As cryptocurrency continues to become a popular trend in the US, many people are looking for an opportunity to participate in this modern medium of exchange. And despite its unpredictability and high risks, US banks are also interested in joining the bandwagon.
Luckily, US agencies are planning to clarify the regulations so that banks can engage with Bitcoin and cryptocurrency by 2022.
Three big agencies, namely the Board of Governors of the Federal Reserve (FED), the Federal Deposit Insurance Corporation (FDIC), and the Office of the Comptroller of Currency (OCC) recognize the potential opportunities that Bitcoin could offer to banks, their customers, and the financial system. But they have concerns with the unpredictability of cryptocurrency.
Jelena McWilliams, the chairman of FDIC, believes that banks should be allowed into this new, modern space that cryptocurrency brings but, they have to make the experience better for all stakeholders by managing and mitigating the risks.
To make the cryptocurrency experience more appealing, the three agencies aim to provide clarity and promote customer protection while complying with applicable laws and regulations.
The three regulators began by analyzing Bitcoin activities that banks might be interested in such as custody, cryptocurrency collateralized loans, payments, facilitation of customer purchases and sales, and reflecting Bitcoin on banks’ balance sheets.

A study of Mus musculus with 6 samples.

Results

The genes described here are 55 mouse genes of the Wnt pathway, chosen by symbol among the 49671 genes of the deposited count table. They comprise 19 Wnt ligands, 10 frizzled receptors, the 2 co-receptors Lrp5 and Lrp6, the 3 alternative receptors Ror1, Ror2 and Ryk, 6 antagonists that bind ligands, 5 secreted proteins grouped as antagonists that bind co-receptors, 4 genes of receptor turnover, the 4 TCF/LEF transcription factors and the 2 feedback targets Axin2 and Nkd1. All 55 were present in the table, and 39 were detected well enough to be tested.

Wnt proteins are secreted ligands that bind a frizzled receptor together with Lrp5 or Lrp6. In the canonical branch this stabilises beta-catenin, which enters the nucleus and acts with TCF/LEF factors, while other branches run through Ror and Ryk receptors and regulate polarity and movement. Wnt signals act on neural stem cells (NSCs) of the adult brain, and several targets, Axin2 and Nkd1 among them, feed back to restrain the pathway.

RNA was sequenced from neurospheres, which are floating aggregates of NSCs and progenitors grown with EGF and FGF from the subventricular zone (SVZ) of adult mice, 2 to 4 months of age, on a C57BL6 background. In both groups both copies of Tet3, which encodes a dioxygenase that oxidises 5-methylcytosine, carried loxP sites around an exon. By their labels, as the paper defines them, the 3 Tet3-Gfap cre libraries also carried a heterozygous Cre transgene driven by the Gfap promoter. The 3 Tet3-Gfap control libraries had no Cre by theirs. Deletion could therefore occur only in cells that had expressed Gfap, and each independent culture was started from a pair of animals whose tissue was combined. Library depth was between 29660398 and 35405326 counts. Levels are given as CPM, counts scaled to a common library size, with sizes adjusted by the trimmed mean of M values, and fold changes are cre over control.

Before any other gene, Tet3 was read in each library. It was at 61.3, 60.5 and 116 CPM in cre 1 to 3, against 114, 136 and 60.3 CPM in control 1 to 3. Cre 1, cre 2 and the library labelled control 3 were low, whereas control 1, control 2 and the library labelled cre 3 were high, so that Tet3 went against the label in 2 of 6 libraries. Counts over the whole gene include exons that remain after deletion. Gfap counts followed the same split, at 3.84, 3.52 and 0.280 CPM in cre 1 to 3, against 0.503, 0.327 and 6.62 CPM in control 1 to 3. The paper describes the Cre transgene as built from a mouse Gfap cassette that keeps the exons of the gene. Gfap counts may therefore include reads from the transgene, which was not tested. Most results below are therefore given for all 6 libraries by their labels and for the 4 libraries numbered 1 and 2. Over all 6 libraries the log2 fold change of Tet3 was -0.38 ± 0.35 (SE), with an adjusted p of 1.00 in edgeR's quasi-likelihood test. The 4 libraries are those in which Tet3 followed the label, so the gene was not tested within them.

Another step that the three agencies recently took is conducting a series of interagency “policy sprints” that are focused on cryptocurrency assets. They applied an approach that’s similar to a tech sprint model, where agency staff with various backgrounds and expertise in relevant subject matters conducted a preliminary analysis on the various issues that are involved with cryptocurrency assets.
Since May this year, the three agencies have begun working together for a “sprint” of cryptocurrency regulations.
Just last month, the FDIC chairman suggested some of their development by saying a team of regulators is working on a more precise set of rules for banks who want to work with Bitcoin and cryptocurrency.
However, the agencies haven’t yet provided the regulatory clarity that banks need. But for 2022, the FED, FDIC, and OCC plan to jointly share detailed guidance for banks looking to offer the cryptocurrency services that they analyzed.
Bitcoin was originally launched in 2009, right on the heels of an economic recession. It was meant to be an electronic peer-to-peer cash system. Eventually, it attracted curious investors until it became the decentralized digital currency it is today, with new platforms following suit.
Member of the Latino Wall Street team, Julio teaches trading and cryptocurrency investing. He started investing in cryptocurrency back in 2016 when he lost the money he invested in bank stocks. After telling a friend about this frustrating development, Julio was pointed towards Bitcoin. This piqued his interest, and eventually, Julio became deeply engrossed in using the power from the internet to make money. To date, Julio has made well over six figures in each of his investments.